WASHINGTON -- Earlier in the week, his younger sister helped congressional Democrats sell expanded funding for the State Children's Health Insurance Program. Yesterday, with the White House threatening again to veto the legislation, it was Graeme Frost's turn to take up the cause.
The 12-year-old Baltimore boy, whose family relied on the government-funded insurance program after he and his sister were severely injured in a 2004 car accident, came to Washington yesterday to record the Democrats' weekly radio address.
"If it weren't for CHIP, I might not be here today," Graeme says in the address, to air today on stations across the country.
Popular with the states, the health insurance program, also known as SCHIP, covers 6.6 million children from modest-income families that are not poor enough to qualify for Medicaid. Congressional Democrats, with substantial Republican support, voted this week to cover 4 million more children, at an additional cost of $35 billion over five years.
President Bush, who says the measure expands the program beyond its original intent, plans to veto the bill. Forty-five House Republicans joined Democrats in the 265-159 vote to approve the expansion. Support fell short of the 290 votes needed to override a veto. The Senate vote was 67-29, with 18 Republicans supporting the bill.
Bush has proposed a $5 billion increase over a five-year period. House Speaker Nancy Pelosi described a "friendly conversation" with Bush yesterday in which she told the president she was praying that he would reconsider his veto. White House press secretary Dana Perino said Bush told Pelosi, "I'm going to veto this bill, and after that, let's see if we can sit down and come to a compromise."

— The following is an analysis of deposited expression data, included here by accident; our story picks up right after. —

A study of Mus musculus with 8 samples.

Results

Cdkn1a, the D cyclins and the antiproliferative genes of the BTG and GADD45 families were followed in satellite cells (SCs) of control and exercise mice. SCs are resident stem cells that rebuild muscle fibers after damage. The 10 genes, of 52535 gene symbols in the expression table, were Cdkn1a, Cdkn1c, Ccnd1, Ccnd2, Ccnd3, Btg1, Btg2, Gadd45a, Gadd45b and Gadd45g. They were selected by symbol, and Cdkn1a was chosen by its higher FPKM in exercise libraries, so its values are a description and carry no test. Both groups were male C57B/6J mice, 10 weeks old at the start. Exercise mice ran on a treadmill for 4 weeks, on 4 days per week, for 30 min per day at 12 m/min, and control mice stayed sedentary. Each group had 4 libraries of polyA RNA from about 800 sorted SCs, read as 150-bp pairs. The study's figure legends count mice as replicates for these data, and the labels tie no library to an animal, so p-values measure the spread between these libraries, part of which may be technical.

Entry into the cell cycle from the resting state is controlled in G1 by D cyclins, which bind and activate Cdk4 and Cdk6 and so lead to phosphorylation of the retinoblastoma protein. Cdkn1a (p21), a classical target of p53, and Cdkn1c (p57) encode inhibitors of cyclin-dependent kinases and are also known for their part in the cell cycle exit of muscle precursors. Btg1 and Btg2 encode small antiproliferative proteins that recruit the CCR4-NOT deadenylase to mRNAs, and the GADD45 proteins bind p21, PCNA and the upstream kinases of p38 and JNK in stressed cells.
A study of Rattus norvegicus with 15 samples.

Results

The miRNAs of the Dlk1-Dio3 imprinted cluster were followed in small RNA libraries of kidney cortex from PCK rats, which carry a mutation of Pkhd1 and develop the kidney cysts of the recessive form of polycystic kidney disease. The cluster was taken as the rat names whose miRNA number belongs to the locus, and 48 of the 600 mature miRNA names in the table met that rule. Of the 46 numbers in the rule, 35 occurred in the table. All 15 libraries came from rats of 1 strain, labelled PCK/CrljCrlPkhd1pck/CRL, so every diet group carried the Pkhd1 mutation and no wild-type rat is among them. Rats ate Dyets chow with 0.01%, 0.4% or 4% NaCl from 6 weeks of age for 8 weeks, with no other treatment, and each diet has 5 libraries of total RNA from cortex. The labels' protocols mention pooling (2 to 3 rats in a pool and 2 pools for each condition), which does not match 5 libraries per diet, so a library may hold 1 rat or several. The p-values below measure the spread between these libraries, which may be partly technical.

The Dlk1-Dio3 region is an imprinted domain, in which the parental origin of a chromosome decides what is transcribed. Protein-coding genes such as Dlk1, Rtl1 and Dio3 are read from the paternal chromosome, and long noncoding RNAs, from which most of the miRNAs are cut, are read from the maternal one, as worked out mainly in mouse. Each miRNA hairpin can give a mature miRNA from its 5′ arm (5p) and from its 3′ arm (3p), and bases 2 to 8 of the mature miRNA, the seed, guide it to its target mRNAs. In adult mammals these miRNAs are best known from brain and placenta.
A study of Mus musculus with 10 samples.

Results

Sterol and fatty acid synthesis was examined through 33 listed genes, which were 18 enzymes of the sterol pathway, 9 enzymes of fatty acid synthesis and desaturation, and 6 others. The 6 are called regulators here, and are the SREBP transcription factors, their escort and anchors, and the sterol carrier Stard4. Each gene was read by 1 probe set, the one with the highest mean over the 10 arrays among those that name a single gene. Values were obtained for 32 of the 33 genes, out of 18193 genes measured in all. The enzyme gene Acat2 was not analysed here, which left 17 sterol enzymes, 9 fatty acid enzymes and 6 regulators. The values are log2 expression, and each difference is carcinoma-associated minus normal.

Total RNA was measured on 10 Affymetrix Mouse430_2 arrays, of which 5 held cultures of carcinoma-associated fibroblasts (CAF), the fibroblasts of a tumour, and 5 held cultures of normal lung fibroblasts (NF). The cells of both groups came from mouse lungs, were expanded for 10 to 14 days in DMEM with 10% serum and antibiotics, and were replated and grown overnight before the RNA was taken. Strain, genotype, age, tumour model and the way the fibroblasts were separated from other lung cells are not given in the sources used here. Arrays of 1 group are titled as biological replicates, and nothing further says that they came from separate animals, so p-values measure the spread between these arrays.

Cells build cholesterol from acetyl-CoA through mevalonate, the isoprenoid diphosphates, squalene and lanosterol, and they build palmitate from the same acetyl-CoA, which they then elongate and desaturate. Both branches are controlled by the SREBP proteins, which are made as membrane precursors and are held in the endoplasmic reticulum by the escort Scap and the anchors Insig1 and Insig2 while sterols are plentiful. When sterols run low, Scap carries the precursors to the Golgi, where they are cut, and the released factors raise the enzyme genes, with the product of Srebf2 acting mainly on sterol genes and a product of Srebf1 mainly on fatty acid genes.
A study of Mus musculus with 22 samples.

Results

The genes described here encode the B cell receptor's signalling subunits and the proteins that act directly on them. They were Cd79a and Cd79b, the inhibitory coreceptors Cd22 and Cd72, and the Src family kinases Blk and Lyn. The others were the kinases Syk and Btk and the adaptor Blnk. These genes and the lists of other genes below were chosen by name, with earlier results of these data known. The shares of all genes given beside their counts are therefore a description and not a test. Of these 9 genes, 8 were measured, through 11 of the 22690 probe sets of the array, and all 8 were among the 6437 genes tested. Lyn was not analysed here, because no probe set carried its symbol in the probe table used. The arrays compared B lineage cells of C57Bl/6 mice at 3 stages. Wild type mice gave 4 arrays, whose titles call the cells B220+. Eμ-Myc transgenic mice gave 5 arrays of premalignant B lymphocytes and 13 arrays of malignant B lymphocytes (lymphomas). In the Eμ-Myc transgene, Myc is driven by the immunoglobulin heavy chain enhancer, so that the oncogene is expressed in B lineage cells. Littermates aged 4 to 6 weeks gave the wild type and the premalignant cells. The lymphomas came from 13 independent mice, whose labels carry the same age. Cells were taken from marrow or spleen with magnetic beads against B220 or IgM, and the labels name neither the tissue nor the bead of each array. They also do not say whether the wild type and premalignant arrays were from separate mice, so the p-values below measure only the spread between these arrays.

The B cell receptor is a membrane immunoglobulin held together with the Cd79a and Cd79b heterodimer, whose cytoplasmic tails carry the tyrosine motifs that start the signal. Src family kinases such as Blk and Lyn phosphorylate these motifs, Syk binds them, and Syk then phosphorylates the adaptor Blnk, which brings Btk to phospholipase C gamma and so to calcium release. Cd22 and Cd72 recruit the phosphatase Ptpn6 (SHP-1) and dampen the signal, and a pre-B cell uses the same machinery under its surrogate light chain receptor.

Graeme, a seventh-grader at the Park School, has a message for the president.
"If I could speak to him, I would say, 'You have to sign this bill,'" he told reporters yesterday during his first visit to the Capitol. "I'm guessing he wants this money for Iraq. Our future isn't in Iraq. It's here."
The blond, bespectacled youth rose at 6 a.m. in his family's home in the Butchers Hill neighborhood of Baltimore yesterday for the trip to Washington.
Earlier in the week, two staffers from the office of Senate Majority Leader Harry Reid had called to ask Graeme about his health care experience.
Graeme and his 9-year-old sister, Gemma, were passengers in the family SUV in December 2004 when it hit a patch of black ice and slammed into a tree. Both were taken to a hospital with severe brain trauma. Graeme was in a coma for a week and still requires physical therapy.
Bonnie Frost works for a medical publishing firm; her husband, Halsey, is a woodworker. They are raising their four children on combined income of about $45,000 a year. Neither gets health insurance through work.
Having priced private insurance that would cost more than their mortgage - about $1,200 a month - they continue to rely on the government program. In Maryland, families that earn less than 300 percent of the federal poverty level - about $60,000 for a family of four - are eligible.
The Senate staffers wrote the script for Graeme.
"My parents work hard and always make sure my sister and I have everything we need, but the hospital bills were huge," he says in the address. "We got the help we needed because we had health insurance for us through the CHIP program. But there are millions of kids out there who don't have CHIP, and they wouldn't get the care that my sister and I did if they got hurt."
Graeme said the recording in a studio at the Democratic National Committee headquarters "took quite a few takes." But Democratic staffers said he finished the job in fewer attempts than some senators.
"One of the pleasures that the speaker and I have is, we submit who's going to give the radio address," Reid said. "And we decided that we wanted, this week, to have a real heavyweight."
Graeme's possibly unprecedented participation in the broadcast - Democratic aides said they didn't know of another time when a child delivered the radio address - continues his family's advocacy for the program. The Frosts came into contact with Pelosi's office through Families USA, an advocacy group that supports the expansion of CHIP.
On Tuesday, Pelosi introduced Bonnie and Gemma Frost at a Capitol Hill news conference. The family plans to join Gov. Martin O'Malley, House Majority Leader Steny H. Hoyer, Sen. Benjamin L. Cardin and others at a rally Monday in Annapolis.
The Associated Press contributed to this article.